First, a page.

Kibbles ‘n’ Bits, 1/2/13: another chance to get it right

§ Matt Thorn at TCJ on the life of Barefoot Gen creator Keiji Nakazawa:

Nakazawa hated platitudes and whitewashing. He generally avoided the annual peace memorial observances in Hiroshima, considering them pointless. “They never demand accountability. They make their call for peace, they ring their bells. That’s not what it’s all about. You need anger.” He had no use for doves. He was plainspoken, and he repeatedly and loudly proclaimed the late Showa Emperor to be ultimately responsible for the atomic bombing of Hiroshima and Nagasaki. His stance on the Emperor system and Japanese war crimes, as well as his apparent communist sympathies, earned him the hatred of Japan’s right wing.

Year-endy kinda things:

§ ICv2 looks at the Top 10 Business Stories of 2012.

§ The AV Club’s best indie and art comix and best mainstream comics.

§ The 5 Biggest Digital Comic News Stories of 2012 from a newish website called Digital Comic News which appears to be mostly SEO bait, although it’s a sound basic list. And yeah, good URL.

§ For a more in-depth list, Corey Blake has a preview of digital comics trends for 2013.

§ Valerie Gallaher ties a string around the year in Internet Rage, and keeps the list to less than 30,000 words.

§ Ars Technica readers pick the 12 most incredible webcomics, including several that are are on hiatus.


§ Robot 6 starts the year off with its usual massive news/previews/interviews anniversary feast. Some highlights.

BOOM!’s EIC Matt Gagnon all things at the company and industry observations.

Now, how to develop new talent is a broader, unwieldy topic. I could probably fill up a book on this, but I’ll over-simplify it by saying “start small.” Nothing will crush an artist/writer faster than throwing them into the deep end when they’re not ready. It’ll make everybody’s life miserable. One of the ways we try to avoid this is by having younger artists test for projects. It might just be a couple pages, and even if they ultimately don’t get the project they’re still receiving feedback from editors, getting their work in front of professionals, and building relationships. And on our end we can gauge how quickly they’re working, how well they apply feedback, and what their level of professionalism is.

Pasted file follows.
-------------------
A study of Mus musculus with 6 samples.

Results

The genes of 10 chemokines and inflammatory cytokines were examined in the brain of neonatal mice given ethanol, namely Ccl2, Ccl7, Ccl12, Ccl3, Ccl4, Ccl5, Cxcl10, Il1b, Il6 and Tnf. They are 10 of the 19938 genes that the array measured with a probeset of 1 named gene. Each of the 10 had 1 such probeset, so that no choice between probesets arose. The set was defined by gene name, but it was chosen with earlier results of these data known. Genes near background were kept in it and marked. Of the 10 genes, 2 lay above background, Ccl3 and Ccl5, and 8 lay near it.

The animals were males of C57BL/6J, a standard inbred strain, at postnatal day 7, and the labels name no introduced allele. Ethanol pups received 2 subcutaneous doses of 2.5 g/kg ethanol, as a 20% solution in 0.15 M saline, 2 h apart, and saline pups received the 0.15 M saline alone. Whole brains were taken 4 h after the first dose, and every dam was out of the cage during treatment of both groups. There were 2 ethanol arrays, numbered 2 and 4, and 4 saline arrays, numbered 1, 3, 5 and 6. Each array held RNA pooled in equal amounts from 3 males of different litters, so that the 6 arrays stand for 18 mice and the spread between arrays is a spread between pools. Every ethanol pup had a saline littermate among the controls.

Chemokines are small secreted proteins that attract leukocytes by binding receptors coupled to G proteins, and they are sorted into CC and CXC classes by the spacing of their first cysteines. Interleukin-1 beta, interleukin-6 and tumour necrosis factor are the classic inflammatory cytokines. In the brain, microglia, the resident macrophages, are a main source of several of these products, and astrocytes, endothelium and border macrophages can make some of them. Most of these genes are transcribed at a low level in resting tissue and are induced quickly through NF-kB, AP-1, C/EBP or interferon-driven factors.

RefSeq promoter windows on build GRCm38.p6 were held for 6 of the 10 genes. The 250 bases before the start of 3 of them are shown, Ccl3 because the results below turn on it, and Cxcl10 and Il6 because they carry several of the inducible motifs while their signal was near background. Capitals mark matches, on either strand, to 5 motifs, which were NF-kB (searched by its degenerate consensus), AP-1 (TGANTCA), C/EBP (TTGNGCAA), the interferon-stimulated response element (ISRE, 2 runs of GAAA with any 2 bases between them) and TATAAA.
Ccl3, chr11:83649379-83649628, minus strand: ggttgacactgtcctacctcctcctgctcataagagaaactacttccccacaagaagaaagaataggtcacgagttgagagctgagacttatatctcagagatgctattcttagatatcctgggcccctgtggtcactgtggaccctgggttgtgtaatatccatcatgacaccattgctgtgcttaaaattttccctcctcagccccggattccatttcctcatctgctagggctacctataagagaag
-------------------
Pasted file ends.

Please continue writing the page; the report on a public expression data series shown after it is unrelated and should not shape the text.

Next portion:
Jim Woodring previews his next GN, FRAN:

Fran is without a doubt the most complex and difficult story I’ve ever worked on. When I told my wife and son the plot, they were dismayed and begged me not to do it … so I knew I was on the right track. It’s a somewhat traumatic story.


Aren’t most superhero comics basically pornography with fight scenes instead of sex scenes (with the knockout punch acting as the cum shot)? Aren’t superheroes usually depicted visually as naked human figures with lines drawn onto them and colored as costumes? I think I remember Frank Miller once saying that, in his first run on Daredevil, the scenes where Elektra and Daredevil would fight were basically the two of them consummating their relationship. That’s the way superheroes do it.

Cartoonists:

§ I will always smile when I read a profile of Wee Pals creator Morrie Turner, who is 89.

§ On the other hands controversial cartoonist Carlos Latuff was named one of the top 10 Anti-Semites of 2012.

§ It isn’t always as easy as it looks.


Comments

  1. Pedro Bouça says:

    I already liked Nakazawa, seeing his political views now I worship him!

  2. Chris Hero says:

    Noelle Stevenson doesn’t only have talent, she also has an incredible work ethic and perseverance. (I’m not sure if that sentence is grammatically correct.) Anyway, she’s worked hard for her success and I’m sure we’re all hoping she’s going to have an even better 2013.

  3. Re the Adam Ant strip, you might be interested to know it was drawn by the husband-and-wife team of Maureen and Gordon Gray. Not much known about them, but Steve Holland has summed it up at the Illustration Art Gallery.

  4. Chris Hero says:

    BTW – I’m sorry if my comment came off as dismissive in any way. I’m trying to add to the cheer-leading by saying Stevenson has more than talent, she has drive, too, and the work ethic to prove it. I don’t even know her, it’s just her work is so impressive! ^_^

  5. J North says:

    That Joe Casey comment is the dumbest thing I’ve read today, and I work for the government.

  6. Too bad there weren’t any Madness comics.

    There were! Look-In ran a strip called “It’s Madness” in 1981-83. Harry North drew it. Here’s a sample.